Ahead of tariff crunch, U.S.-bound import numbers see strong June gains, Panjiva reports
With global shippers looking to get in front of the beginning phase of recently implemented tariffs, United States-bound waterborne shipments saw gains in June.
With global shippers looking to get in front of the beginning phase of recently implemented tariffs, United States-bound waterborne shipments saw gains in June, according to data recently released by global trade intelligence firm Panjiva.
June shipments, at 1,025,643, were up 6.5% annually. This represents another month of growth, with the exception of a 0.2% decline in March, which was the first one going back to a 7.7% annual drop-off in February 2017. Through the first six months of the year, Panjiva said U.S.-bound imports are up 6.5% annually at 5,870,275.
“Putting aside the tariff duties, there is clearly solid underlying growth in trade activity,” said Chris Rogers, Panjiva research director, in an interview. “There was a big surge in June, and the second quarter as a whole was up around 5% [4.8%] compared to a year ago, when there was not this kind of ‘tariff rush.’ And if you look at things like business sentiment and consumer confidence, both of those look fairly positive as well. If it were not for tariffs, we would be pretty well set up for another great year for the global supply chain, which has got this complication in the way.”
The tariff rush Rogers speaks of is highlighted by China-bound imports to the U.S. being up 13% in June, which far outpaced a 3% gain in May and are also above typical Peak Season levels, he said.
With the White House recently announcing it plans to add tariffs of 10% on an additional $200 billion of Chinese imports, he explained that creates additional uncertainty in the middle of Peak Season.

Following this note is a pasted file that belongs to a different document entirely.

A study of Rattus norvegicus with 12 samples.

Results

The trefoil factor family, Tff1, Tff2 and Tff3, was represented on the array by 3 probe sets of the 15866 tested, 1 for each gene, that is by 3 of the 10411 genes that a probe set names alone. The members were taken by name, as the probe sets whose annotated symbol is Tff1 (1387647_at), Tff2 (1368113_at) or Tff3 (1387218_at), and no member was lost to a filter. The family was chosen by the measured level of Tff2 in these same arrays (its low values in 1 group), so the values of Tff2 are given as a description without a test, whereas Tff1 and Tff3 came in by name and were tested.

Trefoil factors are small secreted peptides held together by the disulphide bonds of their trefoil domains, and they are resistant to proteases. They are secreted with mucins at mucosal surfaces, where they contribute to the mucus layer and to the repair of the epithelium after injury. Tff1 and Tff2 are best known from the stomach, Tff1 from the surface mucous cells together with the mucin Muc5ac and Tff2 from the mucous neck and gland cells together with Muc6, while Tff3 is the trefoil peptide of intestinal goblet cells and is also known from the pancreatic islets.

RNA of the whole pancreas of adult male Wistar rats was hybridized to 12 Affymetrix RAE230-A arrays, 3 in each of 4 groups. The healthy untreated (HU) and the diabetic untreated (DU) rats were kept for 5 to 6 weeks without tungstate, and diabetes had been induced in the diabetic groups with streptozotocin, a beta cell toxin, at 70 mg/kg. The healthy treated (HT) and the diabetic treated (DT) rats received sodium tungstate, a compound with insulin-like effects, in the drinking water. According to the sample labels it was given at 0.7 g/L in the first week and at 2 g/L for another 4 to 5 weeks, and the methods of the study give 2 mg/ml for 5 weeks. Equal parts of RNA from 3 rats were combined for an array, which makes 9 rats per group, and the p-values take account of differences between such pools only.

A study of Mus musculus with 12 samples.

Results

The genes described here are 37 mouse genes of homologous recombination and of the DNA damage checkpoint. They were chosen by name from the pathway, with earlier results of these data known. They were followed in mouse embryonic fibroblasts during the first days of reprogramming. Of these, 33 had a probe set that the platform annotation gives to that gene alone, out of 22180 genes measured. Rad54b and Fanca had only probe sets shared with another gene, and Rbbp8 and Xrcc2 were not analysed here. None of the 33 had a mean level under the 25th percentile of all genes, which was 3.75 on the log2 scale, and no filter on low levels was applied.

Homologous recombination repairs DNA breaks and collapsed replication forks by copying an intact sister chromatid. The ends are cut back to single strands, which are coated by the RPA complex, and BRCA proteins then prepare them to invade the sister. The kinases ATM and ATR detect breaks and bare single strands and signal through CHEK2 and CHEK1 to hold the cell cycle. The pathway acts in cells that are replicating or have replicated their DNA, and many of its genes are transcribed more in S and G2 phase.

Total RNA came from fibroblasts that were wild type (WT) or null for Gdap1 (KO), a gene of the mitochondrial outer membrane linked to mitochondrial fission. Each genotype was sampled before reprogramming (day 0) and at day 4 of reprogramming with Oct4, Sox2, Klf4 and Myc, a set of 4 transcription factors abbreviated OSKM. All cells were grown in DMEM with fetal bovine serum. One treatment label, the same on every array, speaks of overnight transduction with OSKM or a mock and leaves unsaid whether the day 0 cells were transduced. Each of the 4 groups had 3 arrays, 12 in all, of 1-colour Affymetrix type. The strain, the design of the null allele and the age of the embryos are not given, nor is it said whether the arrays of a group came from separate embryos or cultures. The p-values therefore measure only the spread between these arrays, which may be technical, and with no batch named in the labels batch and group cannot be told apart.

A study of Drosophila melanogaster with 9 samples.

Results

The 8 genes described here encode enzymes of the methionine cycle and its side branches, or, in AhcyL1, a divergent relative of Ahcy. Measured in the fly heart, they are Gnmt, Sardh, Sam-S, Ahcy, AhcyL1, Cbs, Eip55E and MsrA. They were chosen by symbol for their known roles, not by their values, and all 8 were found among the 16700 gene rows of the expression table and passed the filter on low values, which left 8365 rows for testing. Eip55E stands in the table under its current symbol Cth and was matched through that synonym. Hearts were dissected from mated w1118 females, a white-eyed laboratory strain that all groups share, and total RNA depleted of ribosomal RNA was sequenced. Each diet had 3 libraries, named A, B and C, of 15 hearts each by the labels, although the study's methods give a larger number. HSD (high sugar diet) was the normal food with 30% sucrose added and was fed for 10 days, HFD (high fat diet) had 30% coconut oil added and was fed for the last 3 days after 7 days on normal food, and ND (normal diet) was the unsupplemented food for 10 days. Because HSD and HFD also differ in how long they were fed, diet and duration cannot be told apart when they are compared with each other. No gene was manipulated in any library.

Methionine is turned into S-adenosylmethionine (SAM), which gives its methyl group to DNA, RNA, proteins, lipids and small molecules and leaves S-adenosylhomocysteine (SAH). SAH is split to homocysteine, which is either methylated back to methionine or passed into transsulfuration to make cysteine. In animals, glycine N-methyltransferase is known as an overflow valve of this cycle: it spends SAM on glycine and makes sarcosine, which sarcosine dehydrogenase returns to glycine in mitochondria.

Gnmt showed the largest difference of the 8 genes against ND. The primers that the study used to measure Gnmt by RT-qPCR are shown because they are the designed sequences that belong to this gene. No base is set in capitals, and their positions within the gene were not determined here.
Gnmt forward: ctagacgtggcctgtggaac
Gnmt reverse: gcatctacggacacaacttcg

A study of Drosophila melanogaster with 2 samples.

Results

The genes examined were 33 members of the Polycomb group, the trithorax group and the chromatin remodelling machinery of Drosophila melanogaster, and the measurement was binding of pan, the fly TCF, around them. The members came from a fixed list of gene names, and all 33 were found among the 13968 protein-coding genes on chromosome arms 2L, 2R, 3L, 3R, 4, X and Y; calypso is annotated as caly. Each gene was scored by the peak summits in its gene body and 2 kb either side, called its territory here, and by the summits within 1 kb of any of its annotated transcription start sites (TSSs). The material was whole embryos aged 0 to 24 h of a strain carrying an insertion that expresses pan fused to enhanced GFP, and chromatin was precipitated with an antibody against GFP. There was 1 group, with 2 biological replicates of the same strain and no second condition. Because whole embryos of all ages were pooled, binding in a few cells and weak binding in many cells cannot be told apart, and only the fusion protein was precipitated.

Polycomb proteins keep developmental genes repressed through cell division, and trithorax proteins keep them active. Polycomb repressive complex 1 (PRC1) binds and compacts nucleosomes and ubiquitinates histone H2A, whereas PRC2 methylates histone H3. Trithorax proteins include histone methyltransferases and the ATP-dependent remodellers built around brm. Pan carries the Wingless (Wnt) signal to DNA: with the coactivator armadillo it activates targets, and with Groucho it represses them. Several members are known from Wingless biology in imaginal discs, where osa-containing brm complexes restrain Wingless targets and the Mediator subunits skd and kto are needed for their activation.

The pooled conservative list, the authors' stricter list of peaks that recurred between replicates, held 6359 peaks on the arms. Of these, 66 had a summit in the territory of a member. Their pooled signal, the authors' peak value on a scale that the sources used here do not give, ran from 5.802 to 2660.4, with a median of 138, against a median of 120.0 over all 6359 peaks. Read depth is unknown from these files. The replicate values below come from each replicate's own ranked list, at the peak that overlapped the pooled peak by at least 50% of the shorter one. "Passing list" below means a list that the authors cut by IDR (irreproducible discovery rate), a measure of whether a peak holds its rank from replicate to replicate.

“The supply chain question for shippers with this really is ‘do I rush my imports to try to beat the tariffs or do I run the risk that it never happens and don’t end up with inventory I don’t need,’” said Rogers.
What’s more, Rogers added that many companies have already indicated they will need to raise prices to counter the tariff impact, especially those in similar industries so that it is not just a few companies raising prices.
“On one hand, Peak Season will be earlier than normal,” he said, “ and on the other hand, it remains to be seen if companies will play chicken with President Trump and maybe consumers pay the price. We will have a better idea of how that plays out in the coming weeks, and that is important for logistics services providers, freight forwarders, and ocean cargo carriers. They need to be ready for an early Peak Season, but it may be one that does not come. This really cannot come at a worse time for the container lines that are struggling with profitability and are talking about cutting routes and making potential alliances. This uncertainty is not going to help.”
If there were to be no major impact from tariffs in the second half of 2018, which remains to be seen, Rogers said U.S.-bound shipments would be up 5% annually at 12.19 million shipments, which would be the highest number on record.
As for the second half of 2018 over all, Rogers said the potential of a broader economic slowdown caused by tariffs needs to be closely monitored.
“It is not just about the U.S. and China,” he said. “It is also about the supply chains upstream from there are doing….and could lead to higher costs for other things too. If Trump and Xi could reach some type of agreement to not disagree, that would be great, and if they don’t things could go downhill from there.”